Sorry for not writing in so long. Between Thanksgiving, the end of classes, final projects, saying goodbye (many times) to the semester CIEE students, starting a new semester, going out, running errands, and a sprinkling of medical issues have made for a very interesting--and busy--two and a half weeks. My friends are traveling in Southeast Asia, and I have a new schedule which allows me to attend classes in the afternoon, providing me the much-needed time and space to slow down and really take things in.
I have been using the free time for reflecting and feeling. For those of you who have had a conversation with me that has lasted longer than thirty seconds, you may have noticed I'm a bit...cerebral. Emotions and I haven't always been on the best of terms. I would even go so far as to say I don't like them. At all. They are messy and have a will of their own. Crying? What the hell? I don't have time for something as banal as crying. Don't my feelings know I am studying A Very Hard Language to become a Person who is Going Places and Making Her Way in the World?
About two weeks ago I stormed into Christie's office (the director of CIEE--Taipei division) with a list of demands. I needed help with housing. Four people in one tiny living space was getting too much to handle, the bathrooms had long since been out of hand, and now there were rats. Not to mention there was some kind of bureaucratic miscommunication with my winter tuition bill, and I had paid the wrong person. Add Mandarin Chinese to this mixture. Get a very pissed off twenty-one year old.
I had told Christie about my history of depression, but, as with most things about me that are close to the vest, I dressed it up with an anecdote and presented it with an ironic twist. I have become quite good at this kind of disingenuous charm. I didn't want people to think I was this vessel of melancholy petulance who spent her nights crying because she felt unloved.
Which, of course, I was. For a long time.
The conversation quickly veered away from what I thought was going to be a "business" meeting to some of the more tender feelings that lay underneath my frustration and brusqueness (i. e. homesickness). The next thing I knew, I was blubbering like a little girl. In the CIEE office, of all places.
That conversation helped me pin down a specific fear: I am afraid of asking for help because I dread appearing to be incompetent to others. She encouraged me to try to expose the emotions I was feeling to the light, because repressed feelings fester "like worms digging into the dirt", she explained. I know this to be true from years of therapy and consulting with mental health professionals, but there is a difference between knowing something intellectually and actually being prepared to deal with it.
In my case especially, this difference is about a hemisphere wide.
Christie advised me to notice where an emotion is in my body when I feel it. I've been taking her advice, which has forced me to slow down and pay attention to myself. The book she loaned me--essentially a manual for feeling things--takes these guidelines further. Does the feeling have a texture inside of you? A color? A shape? One thing I have noticed is that I'm shaking a lot less, because I'm no longer forcing my feelings into a deep dark corner in my chest. I've just been letting what rises rise, without judging anything.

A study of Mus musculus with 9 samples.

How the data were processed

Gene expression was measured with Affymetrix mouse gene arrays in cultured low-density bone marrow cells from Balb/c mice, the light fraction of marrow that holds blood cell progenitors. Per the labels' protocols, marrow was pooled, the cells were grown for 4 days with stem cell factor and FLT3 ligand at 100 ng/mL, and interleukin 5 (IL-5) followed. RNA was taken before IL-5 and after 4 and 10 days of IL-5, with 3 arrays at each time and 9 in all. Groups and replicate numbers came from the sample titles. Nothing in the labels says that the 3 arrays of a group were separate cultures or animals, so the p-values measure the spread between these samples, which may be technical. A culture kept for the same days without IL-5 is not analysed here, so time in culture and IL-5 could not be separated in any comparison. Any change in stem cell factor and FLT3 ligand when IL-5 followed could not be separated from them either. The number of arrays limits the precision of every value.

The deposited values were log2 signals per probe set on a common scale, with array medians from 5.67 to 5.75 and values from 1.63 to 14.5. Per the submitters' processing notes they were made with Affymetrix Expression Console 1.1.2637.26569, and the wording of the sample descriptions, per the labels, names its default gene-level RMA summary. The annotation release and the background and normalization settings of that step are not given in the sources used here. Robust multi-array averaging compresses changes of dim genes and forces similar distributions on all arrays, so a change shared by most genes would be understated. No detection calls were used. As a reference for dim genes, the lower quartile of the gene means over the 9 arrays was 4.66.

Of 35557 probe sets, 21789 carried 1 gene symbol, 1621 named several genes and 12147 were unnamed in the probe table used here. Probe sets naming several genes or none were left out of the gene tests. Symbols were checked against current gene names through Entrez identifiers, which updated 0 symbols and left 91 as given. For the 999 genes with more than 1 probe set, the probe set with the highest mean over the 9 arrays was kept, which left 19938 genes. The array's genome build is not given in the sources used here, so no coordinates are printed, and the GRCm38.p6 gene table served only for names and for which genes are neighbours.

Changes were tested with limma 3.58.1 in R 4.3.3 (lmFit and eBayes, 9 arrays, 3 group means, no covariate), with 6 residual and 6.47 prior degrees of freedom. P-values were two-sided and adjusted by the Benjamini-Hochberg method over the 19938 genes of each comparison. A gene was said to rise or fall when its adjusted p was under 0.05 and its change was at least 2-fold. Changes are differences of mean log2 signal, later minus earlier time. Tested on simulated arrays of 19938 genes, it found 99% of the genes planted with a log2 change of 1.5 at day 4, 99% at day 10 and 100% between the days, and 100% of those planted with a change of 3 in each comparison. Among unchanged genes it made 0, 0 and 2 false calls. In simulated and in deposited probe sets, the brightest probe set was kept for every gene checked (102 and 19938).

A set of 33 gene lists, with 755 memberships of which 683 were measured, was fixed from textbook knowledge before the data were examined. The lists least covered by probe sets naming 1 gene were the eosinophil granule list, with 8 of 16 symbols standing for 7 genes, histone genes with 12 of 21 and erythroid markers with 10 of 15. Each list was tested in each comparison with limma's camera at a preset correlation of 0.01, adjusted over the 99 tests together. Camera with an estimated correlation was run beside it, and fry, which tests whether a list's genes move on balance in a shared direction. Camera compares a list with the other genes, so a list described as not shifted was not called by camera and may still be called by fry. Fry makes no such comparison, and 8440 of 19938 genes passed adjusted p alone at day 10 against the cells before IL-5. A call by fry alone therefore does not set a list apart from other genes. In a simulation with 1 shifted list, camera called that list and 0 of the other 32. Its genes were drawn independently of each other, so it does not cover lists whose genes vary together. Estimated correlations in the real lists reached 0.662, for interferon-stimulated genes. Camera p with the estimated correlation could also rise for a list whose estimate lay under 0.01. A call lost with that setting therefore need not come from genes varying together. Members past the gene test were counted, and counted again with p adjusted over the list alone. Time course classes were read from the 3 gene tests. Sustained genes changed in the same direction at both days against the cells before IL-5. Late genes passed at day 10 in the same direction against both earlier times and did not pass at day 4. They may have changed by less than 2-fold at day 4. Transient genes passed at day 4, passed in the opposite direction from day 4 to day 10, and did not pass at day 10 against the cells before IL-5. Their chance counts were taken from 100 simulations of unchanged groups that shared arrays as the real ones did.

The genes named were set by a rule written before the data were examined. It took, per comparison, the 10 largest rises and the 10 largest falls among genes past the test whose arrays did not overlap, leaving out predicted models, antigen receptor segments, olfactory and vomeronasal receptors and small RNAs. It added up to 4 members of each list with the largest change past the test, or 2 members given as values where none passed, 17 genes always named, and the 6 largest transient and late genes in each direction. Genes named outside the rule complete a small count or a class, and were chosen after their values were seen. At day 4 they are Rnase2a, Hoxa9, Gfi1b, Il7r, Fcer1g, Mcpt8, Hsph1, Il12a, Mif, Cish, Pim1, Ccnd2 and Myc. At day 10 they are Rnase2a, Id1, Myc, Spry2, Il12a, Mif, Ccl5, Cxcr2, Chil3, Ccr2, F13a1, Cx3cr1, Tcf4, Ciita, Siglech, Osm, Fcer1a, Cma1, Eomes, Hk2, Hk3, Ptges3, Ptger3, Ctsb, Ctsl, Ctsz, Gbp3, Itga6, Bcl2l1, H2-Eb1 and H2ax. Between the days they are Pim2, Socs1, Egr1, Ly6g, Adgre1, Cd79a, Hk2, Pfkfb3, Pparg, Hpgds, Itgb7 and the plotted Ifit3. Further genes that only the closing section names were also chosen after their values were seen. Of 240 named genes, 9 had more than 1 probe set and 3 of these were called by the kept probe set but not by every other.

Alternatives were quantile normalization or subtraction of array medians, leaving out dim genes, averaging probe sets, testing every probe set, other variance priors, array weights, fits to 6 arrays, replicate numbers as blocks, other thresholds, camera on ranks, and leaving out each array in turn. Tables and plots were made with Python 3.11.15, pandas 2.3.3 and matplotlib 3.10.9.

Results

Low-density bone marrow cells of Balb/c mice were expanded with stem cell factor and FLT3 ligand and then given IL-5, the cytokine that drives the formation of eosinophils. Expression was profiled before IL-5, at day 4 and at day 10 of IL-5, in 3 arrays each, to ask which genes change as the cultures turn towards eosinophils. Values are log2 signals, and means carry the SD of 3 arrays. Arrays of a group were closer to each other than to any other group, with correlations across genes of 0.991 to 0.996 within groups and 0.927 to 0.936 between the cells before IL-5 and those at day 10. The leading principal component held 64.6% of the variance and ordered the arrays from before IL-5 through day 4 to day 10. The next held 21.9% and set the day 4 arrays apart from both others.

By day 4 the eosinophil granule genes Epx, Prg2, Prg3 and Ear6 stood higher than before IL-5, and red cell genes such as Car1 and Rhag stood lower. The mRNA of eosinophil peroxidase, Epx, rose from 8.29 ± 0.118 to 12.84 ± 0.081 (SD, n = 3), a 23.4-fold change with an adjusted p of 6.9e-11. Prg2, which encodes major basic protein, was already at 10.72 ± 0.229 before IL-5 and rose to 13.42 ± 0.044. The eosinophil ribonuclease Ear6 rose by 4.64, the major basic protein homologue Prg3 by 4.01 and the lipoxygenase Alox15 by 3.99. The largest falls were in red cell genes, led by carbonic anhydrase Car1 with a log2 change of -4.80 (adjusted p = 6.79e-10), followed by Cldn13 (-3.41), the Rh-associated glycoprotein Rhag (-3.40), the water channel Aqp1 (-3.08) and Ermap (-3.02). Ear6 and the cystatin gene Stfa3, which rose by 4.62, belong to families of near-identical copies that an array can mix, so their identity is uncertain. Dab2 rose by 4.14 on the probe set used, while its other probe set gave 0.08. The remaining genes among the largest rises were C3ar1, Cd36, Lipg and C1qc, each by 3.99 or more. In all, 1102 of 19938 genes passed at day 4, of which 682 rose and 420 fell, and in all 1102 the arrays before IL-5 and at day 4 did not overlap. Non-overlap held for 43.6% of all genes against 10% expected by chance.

Allowing my emotions to come up naturally has also opened up a Pandora's box of memories that I had stuffed away into an attic of I'm Not Going to Deal With This Ever. But, as I've learned, pain does not kill you. It waxes and wanes, and it's an indicator of a malady that needs attention, as with physical pain. Good memories of myself have surfaced as well. Memories when the world was a good place, and I was secure and happy. One particular memory that I enjoyed was when I was about four and I was grocery shopping with my mother. I had a pair of what I called "fireman" boots, which were black and yellow rubber boots that exactly matched the jackets of the firemen in our neighborhood. I often saw the firemen grocery shopping, and I always made it a point to tell them that I had boots just like theirs. And, wasn't it cool that I was grocery shopping just like them? The fact that my mother was paying for all the food and pushing me in the grocery cart was but an insignificant detail. I was food shopping.
And I always got M&Ms at the checkout counter. Life was sweet (no pun intended).
This is why I've been a little out of touch. Feeling things has been inconvenient and strange, but necessary. My friends have also been dragging me on shopping trips and clubbing marathons to keep me from being mired in my own reveries and reflections. And a tiny little hiccup called Advanced Chinese classes has been beckoning my attention.
So. If you are reading this, thanks for your patience and understanding. I told you all this wouldn't be a blog of Look At Me Eat A Piece of Exotic Food and Attempt to Speak a Foreign Language. I'm not saying this to judge all the other travel blogs, guides, and memoirs that have this content. I just believe in truth in advertising.
Know that I am happy and safe. To my family back home, much love. To my new friends in Taiwan, I look forward to spending more time together in our new home. To my classmates who have already returned home or are returning soon, I wish you a safe trip and a restful vacation with your families. Keep in touch.
Peace and Joy. And a very Merry Christmas and a glorious New Year to you all.